Pianist explores range of Schubert’s melodies

05.06.09
Shai Wosner
Omaha World Herald

Shai Wosner is a serious pianist who gave a no-nonsense performance Tuesday night at the Joslyn Art Museum.

Wosner, in town to close the Tuesday Musical concert Series' 2008-09 season, devoted his program to the solo piano music of Franz Schubert. He wasted no time getting started.

Shortly after 7:30p.m., he walked briskly onstage, bowed curtly and without pause launched into Scubert's Piano Sonata No. 13 in A major, D. 664.

One of the composer's most appealing creations, it was most likely composed around 1819 for Josefa von Koller, an amateur pianist and the daughter of a wealthy iron merchant. No doubt, Koller had captured the 22-year old composer's eye, since she apparently inspired such ardent music.

In fact, the opening Allegro moderato sounds more like an extended love song than a formal sonata exposition. The second-movement Andante is even more lyrical, while the finale is like a playful, even flirtatious, romp.

Wosner played with the right mix of melodic rapture and unrestrained melodrama, giving the sonata's opening 20 measures the simplicity and immediacy of a song verse. And he gave little hint of the dramatic tension to come, which made his ferocious fusillade of octaves in the development section seem all the more tragic.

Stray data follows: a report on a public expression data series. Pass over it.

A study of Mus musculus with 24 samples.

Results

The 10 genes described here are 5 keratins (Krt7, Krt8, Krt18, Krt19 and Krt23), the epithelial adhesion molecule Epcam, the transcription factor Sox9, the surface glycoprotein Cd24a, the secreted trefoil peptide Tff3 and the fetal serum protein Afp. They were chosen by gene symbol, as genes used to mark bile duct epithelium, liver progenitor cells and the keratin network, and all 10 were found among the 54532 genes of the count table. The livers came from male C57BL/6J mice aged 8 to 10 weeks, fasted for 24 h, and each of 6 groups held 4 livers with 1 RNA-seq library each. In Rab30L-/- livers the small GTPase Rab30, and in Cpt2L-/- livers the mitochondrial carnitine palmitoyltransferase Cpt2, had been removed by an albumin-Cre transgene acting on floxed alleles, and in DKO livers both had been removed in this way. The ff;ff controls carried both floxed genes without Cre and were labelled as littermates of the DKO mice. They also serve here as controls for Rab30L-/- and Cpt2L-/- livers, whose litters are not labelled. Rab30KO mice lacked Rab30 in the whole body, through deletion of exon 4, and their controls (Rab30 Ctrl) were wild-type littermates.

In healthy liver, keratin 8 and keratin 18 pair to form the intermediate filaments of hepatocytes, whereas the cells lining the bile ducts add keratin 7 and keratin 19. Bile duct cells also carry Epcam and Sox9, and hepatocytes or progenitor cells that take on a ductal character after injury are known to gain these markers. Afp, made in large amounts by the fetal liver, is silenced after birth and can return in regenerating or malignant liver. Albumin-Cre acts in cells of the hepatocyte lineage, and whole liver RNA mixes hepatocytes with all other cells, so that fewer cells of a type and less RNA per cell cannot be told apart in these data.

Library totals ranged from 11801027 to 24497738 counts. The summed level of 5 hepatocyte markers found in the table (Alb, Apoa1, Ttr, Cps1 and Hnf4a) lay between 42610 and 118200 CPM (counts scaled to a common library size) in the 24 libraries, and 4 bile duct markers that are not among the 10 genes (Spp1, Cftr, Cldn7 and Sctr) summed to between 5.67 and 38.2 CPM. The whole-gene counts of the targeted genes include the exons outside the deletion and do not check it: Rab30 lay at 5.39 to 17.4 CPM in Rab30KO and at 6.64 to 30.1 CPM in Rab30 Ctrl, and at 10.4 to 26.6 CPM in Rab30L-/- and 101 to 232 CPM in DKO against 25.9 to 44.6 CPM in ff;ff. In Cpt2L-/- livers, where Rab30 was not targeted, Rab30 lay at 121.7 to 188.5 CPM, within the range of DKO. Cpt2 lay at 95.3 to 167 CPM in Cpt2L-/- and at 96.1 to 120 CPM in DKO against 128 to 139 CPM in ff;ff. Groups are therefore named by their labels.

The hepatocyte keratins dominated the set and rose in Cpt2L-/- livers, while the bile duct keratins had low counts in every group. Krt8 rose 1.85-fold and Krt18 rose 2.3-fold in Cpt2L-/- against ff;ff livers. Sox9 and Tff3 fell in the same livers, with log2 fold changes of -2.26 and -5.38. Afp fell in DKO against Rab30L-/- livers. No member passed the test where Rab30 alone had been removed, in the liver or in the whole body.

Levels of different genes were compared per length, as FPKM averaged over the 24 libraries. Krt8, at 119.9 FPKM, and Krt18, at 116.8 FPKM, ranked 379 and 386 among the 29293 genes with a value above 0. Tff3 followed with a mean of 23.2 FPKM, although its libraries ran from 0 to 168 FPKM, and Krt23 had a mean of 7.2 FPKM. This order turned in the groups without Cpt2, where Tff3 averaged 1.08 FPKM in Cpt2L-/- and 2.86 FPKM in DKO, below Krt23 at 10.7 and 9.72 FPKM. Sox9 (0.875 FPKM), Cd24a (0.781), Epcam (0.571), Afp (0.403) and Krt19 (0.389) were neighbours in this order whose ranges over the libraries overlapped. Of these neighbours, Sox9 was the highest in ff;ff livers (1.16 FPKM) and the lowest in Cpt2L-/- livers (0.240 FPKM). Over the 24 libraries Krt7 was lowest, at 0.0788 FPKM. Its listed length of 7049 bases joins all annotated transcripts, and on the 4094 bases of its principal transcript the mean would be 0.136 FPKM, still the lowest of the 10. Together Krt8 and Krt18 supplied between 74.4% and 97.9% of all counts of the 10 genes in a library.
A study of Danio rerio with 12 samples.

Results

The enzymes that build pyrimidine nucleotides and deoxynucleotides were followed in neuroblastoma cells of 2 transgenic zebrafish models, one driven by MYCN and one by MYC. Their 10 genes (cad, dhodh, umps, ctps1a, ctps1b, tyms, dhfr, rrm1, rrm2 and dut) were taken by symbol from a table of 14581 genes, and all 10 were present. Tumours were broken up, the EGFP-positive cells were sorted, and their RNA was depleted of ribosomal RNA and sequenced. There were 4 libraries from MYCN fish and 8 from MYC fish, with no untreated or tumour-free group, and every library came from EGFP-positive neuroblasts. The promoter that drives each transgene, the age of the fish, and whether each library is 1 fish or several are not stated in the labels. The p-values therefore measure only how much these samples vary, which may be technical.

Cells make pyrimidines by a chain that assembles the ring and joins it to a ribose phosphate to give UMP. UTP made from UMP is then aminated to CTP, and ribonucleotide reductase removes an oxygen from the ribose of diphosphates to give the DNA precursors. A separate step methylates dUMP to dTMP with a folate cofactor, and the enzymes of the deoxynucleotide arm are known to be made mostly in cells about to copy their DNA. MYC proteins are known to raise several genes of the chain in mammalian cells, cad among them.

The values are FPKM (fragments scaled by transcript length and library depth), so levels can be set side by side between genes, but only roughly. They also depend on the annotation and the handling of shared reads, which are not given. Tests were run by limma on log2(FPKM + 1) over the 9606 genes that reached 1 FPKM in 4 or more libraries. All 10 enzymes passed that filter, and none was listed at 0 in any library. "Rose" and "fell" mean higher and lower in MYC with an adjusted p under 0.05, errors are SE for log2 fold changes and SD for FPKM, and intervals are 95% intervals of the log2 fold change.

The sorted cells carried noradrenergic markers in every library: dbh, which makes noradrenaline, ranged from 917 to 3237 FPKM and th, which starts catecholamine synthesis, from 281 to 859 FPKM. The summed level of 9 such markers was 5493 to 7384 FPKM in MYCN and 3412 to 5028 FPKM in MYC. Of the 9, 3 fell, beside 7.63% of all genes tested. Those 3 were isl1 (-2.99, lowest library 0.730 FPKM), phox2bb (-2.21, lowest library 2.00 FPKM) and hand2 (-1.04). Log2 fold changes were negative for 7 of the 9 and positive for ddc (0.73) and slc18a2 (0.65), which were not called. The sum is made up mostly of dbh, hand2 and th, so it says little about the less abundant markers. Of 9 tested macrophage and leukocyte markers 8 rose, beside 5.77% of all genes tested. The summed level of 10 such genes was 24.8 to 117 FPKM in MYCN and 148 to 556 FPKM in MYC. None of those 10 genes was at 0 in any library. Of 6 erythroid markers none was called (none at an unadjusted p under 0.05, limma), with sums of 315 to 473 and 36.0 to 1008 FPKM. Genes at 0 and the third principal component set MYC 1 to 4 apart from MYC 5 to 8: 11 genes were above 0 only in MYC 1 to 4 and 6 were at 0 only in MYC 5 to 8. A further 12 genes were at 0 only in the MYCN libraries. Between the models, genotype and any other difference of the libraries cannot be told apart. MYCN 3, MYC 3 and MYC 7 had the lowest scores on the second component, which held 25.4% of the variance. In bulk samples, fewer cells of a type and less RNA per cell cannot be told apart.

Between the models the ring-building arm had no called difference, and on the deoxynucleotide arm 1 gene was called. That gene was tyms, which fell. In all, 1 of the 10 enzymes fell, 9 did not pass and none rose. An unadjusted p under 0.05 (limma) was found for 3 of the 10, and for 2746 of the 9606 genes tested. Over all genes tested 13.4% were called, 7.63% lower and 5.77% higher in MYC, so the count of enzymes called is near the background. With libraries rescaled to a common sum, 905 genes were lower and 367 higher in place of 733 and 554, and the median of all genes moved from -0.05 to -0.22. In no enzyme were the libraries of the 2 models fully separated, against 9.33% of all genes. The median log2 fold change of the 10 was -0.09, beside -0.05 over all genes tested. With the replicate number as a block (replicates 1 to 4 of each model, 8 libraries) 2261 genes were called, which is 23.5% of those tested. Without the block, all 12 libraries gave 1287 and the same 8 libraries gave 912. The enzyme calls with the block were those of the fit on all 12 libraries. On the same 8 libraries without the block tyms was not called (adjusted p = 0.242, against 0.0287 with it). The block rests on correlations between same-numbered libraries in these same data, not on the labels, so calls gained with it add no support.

In contrast to all this storm and stress, Wosner brought exceptional warmth and delicacy to the slow movement. He played the finale- which sounds playful but is full of treacherous right-hand figures- with a mix of emotional fire and waltzlike elegance.

Schubert's Six Moments Musicaux, D. 780, which came next, are familiar to anyone who has studied immediate piano. The works are relatively short, not especially difficult and brimming with charm and character.

Wosner played these pieces with barely a pause between, as if they were part of one single musical thought instead of six separate works. His playing was remarkable throughout for its polish, vitality and joy.

Tuesday's concert closed with one of Schubert's great works, the Piano Sonata No. 17 in D major, D 850, one of his most ebullient pieces. It's also vast, lasting nearly 30 minutes.

Wosner proved equal to the sonata's challenges, tossing off the first movement's impetuous march-like music with ease. He brought a haunting quality to the second movement's melodies, and he played both the scherzo and finale with energy and conviction.

At the end, Wosner bowed politely and left the hall without playing an encore. He did the right thing, since nothing could top that program.